Monday, 2.30 pm-8 pm / Tuesday-Friday, 10 am-8 pm / Saturday, 10 am-7 pm
From August 1st to 31th: Monday-Friday, 2.30 pm-8 pm
Closed from 12th to 19th August
Considered one of the most important poster artists in the history of American cinema, Silvano Campeggi, known as Nano, worked for the most important Hollywood majors present in Italy after the Second World War. Those were the years of reconstruction and the gaudy, colour posters that covered the rubble were among the only beautiful things you could see, an invitation to hope and to start dreaming again.
Nano moved into the world of graphic design at a young age, thanks to his father Astolfo, a typographer and compositor for the Bemporad publishing house. There, he discovered printing techniques and typographic characters and learned how to draw faces and choose colours. He was a talented artist and the first person to become aware of his potential was Ottone Rosai, whose became his teacher and sent him to study illustration at the Scuola d’Arte in Porta Romana, Florence. It was a fortuitous encounter that forever left its mark on his style, which was free, innovative, synthetic, essential, intuitive and daring. He started painting, illustrating books and newspapers, and specialising in graphic technique at the Zincografica Fiorentina, which would later print many of his film posters.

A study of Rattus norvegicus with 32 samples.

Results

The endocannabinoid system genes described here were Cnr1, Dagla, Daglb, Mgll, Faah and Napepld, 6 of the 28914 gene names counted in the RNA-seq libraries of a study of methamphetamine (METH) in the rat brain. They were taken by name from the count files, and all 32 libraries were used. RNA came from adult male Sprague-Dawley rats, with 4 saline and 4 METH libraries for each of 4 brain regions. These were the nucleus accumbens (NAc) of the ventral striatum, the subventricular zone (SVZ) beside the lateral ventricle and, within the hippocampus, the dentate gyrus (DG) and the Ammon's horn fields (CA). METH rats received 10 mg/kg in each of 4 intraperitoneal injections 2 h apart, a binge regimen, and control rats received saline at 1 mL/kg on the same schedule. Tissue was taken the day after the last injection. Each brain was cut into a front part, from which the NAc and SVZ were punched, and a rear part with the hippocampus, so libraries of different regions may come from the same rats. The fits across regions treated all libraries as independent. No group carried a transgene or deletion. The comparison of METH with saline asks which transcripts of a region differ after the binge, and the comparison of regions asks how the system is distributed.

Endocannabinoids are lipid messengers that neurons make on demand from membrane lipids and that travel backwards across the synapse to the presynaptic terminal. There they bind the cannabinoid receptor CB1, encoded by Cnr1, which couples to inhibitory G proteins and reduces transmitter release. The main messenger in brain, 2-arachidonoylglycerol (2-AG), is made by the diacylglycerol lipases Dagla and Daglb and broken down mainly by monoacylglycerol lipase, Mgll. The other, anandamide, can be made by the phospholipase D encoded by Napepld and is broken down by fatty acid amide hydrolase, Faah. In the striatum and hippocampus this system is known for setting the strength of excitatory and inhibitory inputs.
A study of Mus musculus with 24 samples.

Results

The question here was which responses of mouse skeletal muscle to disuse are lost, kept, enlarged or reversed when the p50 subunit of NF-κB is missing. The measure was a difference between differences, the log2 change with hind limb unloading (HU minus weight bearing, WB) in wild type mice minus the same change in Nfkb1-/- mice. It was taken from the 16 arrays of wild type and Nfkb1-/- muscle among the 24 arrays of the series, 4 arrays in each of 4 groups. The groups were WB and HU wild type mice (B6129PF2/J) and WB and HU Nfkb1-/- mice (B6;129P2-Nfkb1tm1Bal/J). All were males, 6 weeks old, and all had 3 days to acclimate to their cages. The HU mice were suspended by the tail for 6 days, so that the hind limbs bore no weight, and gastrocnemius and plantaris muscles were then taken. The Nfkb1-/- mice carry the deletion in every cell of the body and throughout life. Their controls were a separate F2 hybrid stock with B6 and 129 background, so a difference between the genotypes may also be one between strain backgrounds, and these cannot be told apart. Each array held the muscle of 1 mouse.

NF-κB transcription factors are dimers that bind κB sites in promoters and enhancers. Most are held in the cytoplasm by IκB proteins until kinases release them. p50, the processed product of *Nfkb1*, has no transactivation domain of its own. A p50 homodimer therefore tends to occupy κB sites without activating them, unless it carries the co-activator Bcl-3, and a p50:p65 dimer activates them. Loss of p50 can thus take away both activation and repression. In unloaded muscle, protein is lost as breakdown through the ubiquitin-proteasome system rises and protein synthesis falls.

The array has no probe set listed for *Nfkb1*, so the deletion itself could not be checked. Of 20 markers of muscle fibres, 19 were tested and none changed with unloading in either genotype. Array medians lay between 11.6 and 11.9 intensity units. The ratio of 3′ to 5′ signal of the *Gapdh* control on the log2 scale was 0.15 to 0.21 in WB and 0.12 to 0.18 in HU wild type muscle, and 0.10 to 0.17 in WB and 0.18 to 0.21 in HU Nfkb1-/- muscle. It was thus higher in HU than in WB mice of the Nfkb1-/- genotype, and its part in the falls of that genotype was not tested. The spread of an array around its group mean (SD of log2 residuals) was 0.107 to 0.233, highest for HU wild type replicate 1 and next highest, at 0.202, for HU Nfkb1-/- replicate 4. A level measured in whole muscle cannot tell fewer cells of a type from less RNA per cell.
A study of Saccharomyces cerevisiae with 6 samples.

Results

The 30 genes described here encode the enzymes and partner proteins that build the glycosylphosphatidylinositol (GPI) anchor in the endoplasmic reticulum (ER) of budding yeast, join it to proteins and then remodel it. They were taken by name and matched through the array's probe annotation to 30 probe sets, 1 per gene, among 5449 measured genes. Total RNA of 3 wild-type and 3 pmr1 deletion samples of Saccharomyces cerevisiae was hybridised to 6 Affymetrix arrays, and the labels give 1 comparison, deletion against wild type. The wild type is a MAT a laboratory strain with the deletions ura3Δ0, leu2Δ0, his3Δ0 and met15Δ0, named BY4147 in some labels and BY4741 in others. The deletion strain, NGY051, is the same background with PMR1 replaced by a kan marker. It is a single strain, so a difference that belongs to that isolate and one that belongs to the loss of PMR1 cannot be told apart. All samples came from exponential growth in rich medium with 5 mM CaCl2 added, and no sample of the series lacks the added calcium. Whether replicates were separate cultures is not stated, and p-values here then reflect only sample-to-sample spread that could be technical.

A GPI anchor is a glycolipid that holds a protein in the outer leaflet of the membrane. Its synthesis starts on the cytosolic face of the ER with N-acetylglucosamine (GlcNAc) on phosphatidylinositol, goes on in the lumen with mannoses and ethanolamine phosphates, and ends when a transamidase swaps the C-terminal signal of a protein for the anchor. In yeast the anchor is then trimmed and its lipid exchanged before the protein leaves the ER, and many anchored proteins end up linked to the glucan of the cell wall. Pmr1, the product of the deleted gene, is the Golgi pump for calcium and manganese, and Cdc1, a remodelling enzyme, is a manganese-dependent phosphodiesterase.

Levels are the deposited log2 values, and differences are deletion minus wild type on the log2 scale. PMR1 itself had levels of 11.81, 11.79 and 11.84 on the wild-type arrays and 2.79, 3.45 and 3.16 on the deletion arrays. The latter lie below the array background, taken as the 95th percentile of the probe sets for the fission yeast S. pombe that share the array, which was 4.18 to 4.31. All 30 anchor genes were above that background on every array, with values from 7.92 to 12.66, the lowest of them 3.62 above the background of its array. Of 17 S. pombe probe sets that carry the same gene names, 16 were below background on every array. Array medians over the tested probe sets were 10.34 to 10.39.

After a brief time in Milan, where he spent time with the illustrator Luigi Boccasile, he moved to Rome. In 1946 he began painting for the cinema at the studio of the poster artist Luigi Martinati. For about 20 years, he dedicated himself completely to this activity, signing posters for over 3,000 films, including Gone with the Wind, Ben Hur, Casablanca, Singin’ in the Rain, West Side Story and Breakfast at Tiffany’s. Between the 50s and 60s, he became known as the artist to the stars, realising thousands of portraits, including famous ones for Humphrey Bogart, Vivien Leigh, Audrey Hepburn, John Wayne, Sophia Loren, Marlon Brando, Rita Hayworth, Clark Gable and Marilyn Monroe.
From the 60s on, when the old art of film painters was in crisis as a result of rapid technological and cultural changes surrounding film promotion, Nano instead dedicated himself to illustration, portraits and, above all, painting. His work is conserved in the family archives, maintained by the woman with whom he shared his intense life and who made this exhibition possible.